Associations Push Ag Concerns
Now that Barack Obama has made history as the first black president-elect, affirming ‘change has come,’ what’s in store for American agriculture? Association leaders are focused on ensuring our industry remains top-of-mind for the incoming president.
For example, CropLife America laid its groundwork at the national conventions of both major political parties.
"This fall’s general election campaign is historic in so many ways, and no more so than for American agriculture and its constituent parts," says Jay Vroom, CropLife America president and CEO. "For U.S. ag, a key strength has always been having key leaders in both major political parties coming together to advance solid policy solutions for farmers and their ag business partners. Certainly we were able to reinforce that perspective for the interests of pesticide manufacturers and distributors and our farm customers at the conventions and look forward to continuing that discussion with the next administration.”
At the conventions, CropLife America and RISE (Responsible Industry for a Sound Environment) communicated key industry issues. They worked closely with allies to organize events at each convention to highlight the critical role which state agriculture departments play in the careful regulation of pesticides and the overall promotion of U.S. agriculture. Featured issues included worker protection, outreach to crop protection product users to be reminded to read and follow label directions, Endangered Species Act procedural problems for agriculture, and soil and water conservation.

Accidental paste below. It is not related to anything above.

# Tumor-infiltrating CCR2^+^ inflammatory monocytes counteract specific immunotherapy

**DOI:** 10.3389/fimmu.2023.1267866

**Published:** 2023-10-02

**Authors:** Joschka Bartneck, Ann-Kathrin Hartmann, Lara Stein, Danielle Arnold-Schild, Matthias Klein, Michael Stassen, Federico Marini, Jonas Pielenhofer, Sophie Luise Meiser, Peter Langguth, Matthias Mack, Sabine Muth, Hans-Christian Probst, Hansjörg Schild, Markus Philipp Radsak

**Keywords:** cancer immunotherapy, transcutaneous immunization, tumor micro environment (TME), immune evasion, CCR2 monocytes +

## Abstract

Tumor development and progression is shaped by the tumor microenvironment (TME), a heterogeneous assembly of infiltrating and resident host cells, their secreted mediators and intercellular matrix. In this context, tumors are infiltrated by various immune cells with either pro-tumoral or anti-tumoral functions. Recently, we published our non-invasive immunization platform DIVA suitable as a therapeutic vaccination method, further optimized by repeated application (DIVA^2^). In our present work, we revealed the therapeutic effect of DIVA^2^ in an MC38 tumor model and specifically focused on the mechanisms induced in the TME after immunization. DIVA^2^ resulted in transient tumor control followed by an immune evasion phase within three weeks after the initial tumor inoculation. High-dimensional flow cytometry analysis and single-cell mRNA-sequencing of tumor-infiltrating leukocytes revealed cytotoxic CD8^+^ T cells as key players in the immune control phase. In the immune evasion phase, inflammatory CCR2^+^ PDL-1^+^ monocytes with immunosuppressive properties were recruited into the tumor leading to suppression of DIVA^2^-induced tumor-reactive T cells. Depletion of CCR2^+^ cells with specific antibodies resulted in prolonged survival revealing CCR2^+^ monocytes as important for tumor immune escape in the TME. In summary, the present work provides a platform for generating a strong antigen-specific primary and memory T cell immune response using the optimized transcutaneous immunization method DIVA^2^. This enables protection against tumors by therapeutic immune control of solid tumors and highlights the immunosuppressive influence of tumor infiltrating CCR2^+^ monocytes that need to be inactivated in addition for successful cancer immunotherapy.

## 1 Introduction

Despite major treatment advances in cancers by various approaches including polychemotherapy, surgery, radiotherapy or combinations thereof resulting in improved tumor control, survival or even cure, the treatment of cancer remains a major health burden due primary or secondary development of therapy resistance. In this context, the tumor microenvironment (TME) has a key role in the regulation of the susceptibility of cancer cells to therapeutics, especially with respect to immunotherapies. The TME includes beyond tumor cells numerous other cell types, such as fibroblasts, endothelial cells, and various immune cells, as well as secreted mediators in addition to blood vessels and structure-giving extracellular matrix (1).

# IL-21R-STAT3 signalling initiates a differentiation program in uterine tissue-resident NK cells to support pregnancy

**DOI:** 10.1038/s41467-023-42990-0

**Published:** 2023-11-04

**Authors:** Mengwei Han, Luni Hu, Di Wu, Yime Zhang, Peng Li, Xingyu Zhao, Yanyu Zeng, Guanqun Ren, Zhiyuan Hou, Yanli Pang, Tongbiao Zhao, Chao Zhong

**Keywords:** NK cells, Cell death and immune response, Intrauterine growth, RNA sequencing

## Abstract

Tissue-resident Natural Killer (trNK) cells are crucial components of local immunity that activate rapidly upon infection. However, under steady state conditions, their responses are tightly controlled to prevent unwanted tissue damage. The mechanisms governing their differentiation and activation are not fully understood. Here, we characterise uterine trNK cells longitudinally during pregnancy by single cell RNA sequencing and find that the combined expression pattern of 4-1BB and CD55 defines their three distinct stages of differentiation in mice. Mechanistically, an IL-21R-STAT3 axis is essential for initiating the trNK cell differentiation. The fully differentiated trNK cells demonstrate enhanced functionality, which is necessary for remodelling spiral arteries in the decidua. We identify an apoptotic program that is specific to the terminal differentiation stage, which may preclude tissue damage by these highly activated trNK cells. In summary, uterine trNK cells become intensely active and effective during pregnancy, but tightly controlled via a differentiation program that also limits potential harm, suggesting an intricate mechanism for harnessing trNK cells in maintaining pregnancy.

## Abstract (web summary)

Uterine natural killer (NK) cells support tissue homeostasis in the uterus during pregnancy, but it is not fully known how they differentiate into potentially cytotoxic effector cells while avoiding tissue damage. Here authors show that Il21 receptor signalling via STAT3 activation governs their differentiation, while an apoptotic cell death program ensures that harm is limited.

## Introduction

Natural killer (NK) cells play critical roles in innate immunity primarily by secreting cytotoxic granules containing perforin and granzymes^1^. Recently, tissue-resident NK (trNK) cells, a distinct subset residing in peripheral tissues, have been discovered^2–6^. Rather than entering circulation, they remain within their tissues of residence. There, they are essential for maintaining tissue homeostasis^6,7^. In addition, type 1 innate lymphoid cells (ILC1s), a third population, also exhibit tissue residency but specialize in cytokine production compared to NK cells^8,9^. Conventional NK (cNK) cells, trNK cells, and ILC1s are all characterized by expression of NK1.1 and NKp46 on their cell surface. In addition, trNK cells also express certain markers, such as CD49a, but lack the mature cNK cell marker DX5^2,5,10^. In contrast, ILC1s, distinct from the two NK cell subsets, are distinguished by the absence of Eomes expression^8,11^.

The Agricultural Retailers Association (ARA) also was involved in the political process. The ARA Political Action Committee (ARAPAC) provided financial support to both Democrat and Republican members of Congress that support key policy issues on behalf of the ag retail industry.
ARA encouraged its members to get politically involved on their own time “as this election could have a significant and long-term impact on the direction the federal government takes regarding economic and regulatory policies for years to come,” according to the association’s newsletter, ARA Retailer Fact$.